By Thierry Malleret, economist

By Thierry Malleret, economist

 Over the past years, we have analysed the negative impact that the trifecta of “security concerns + political instability + terrorism threats” have had on various travel/wellness industries. But a look at markets like the UK and Turkey show that there is nothing “inevitable” about that trifecta, with some positive data indicating that it can be overcome.

Consider the UK: despite the series of terrorist attacks in March, May and June there, the revenue per available room (RevPAR) is rising faster in the UK than in the U.S. and the rest of Europe (8.7 percent in May). Also, the forward booking situation is bullish for the UK as a whole. For July and August, advance bookings for London (which represent 85 percent of all international travel to the UK) were up 12 percent compared to last year at the same date, but down from 16 percent just prior to the London Bridge attack. All in all and very tentatively, the positive effect of the GPB depreciation seems to supersede the negative effect of concerns about terrorism.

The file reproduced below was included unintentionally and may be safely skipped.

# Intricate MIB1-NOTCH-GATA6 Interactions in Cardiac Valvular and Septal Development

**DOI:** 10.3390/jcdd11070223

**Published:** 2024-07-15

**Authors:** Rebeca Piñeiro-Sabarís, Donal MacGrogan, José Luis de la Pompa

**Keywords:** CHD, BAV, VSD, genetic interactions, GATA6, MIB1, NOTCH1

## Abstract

The issue of “security concerns + political instability + terrorism threats” is, of course, a critical issue for the travel/wellness industries in the Middle East and the Levant. But if the recent revival in Turkish international tourism gains traction and becomes an enduring trend, this will tell us that there is nothing inevitable about the trifecta’s impact on tourism. Last year, the number of international travellers to Turkey dropped by about a third, to 25 million people (the lowest in ten years); but this year, tentative numbers point to a solid rebound. Turkey’s travel, tourism and wellness industry is not out of the woods yet, but there is a real glimmer of hope…

There is other evidence that terrorism risks and security concerns in northern Africa and the Middle East are spurring a wave of tourism inflows in other Mediterranean countries perceived as safer, like Croatia and Slovenia, most of it in the high-end wellness segment. To provide a sense of perspective, last year Croatia, a country of 4.2 million people, welcomed an incredible 16.3 million tourists (91 million guest-nights), a 14 percent increase compared to the year before.